Monday, April 28, 2008

MLS As Seen by the Brits

The Financial Times (London) takes a look at the MLS. I thought this a pertinent note:
He [MLS Commissioner Don Garber] hastily adds: “We remind ourselves all the time: we have not cracked the code for soccer in this country. We’re so much younger than the other sports here. If we continue to grow, if this country continues to change, I have no doubt we will be as successful as the other major leagues in the US.”
Another items from Stephen Goff noted that on Sunday, five MLS matches drew more than 20,000 spectators a piece.
Last season the MLS averaged nearly 17,000 spectators a game. That’s more than the fabled North American Soccer League managed in the 1970s, and about the same as basketball’s NBA and ice hockey’s NHL draw today, though admittedly the MLS plays fewer games.

Garber describes 2007 as “the best year in the history of soccer in this country. If you can get up to a game in Toronto, you’ll say, ‘I cannot believe this is Major League Soccer’. It feels like an English football match, from how they cheer to what they do. Nobody’s getting up to get a hot dog and beer, like at other sports matches in the US.” Toronto sold out every game last year in spite of being the league’s worst performing team. Seattle and Philadelphia have large fan clubs even though their teams don’t exist yet.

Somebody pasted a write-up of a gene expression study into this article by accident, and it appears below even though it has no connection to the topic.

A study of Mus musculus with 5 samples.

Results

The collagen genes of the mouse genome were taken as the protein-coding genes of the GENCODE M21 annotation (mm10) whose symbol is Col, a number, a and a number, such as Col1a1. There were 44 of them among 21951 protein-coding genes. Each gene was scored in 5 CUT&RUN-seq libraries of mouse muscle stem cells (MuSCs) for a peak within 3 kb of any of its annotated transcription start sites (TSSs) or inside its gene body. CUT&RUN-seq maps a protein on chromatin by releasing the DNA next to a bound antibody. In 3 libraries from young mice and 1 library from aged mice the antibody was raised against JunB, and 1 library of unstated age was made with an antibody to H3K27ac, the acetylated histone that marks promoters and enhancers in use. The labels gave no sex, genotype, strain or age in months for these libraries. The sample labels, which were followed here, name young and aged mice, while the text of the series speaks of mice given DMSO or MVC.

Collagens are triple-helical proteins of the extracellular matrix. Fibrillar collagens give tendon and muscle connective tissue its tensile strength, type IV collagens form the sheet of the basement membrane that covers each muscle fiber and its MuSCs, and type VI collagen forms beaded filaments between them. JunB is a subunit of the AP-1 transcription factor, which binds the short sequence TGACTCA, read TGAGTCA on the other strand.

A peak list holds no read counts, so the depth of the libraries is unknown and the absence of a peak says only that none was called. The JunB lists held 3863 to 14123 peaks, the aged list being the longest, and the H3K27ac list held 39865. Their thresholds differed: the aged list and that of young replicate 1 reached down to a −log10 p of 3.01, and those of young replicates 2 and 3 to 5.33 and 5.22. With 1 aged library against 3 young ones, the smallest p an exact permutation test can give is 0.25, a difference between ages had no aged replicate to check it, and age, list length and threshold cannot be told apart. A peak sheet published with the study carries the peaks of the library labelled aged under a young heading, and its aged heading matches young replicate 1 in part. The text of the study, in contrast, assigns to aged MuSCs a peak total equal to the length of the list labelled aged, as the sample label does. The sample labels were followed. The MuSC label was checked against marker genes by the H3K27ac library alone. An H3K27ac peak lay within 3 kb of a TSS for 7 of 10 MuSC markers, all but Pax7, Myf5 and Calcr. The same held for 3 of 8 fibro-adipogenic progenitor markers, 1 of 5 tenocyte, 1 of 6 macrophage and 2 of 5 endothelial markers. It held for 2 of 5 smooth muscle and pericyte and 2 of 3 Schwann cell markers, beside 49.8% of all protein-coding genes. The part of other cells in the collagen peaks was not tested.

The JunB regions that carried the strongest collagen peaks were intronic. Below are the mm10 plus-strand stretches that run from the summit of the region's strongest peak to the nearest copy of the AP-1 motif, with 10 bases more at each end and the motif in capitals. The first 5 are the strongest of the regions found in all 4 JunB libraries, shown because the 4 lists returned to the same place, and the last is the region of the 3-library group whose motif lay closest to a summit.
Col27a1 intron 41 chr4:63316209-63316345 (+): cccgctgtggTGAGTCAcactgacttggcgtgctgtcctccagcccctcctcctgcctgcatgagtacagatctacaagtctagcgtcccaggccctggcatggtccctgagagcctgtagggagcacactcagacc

Toronto sells, Seattle and Philly may be able to sell out their stadia pretty easily when they start play. Having been to lots of soccer matches, there is really nothing like DCU's Barra Brava fan club rocking RFK (and I can't imagine what they would do in a Soccer Specific Stadium). Yes, the fan base is growing and for a league that is 13 years old and that almost no one gave a chance to survive, MLS is showing that it is a real league, with real potential, real attraction and a real future.

To compare MLS with the English FA or Spanish, German or Italian leagues is patently unfair. MLS competes at some point in their season with MLB, NBA, NHL and the grandaddy the NFL. When an MLS team draws more in its regular season than a team from NBA or NHL does (when those leagues play more games) in the same market, you probably won't hear about else where, but it will be huge. Of course, the MLS will need bigger stadiums to make that happen.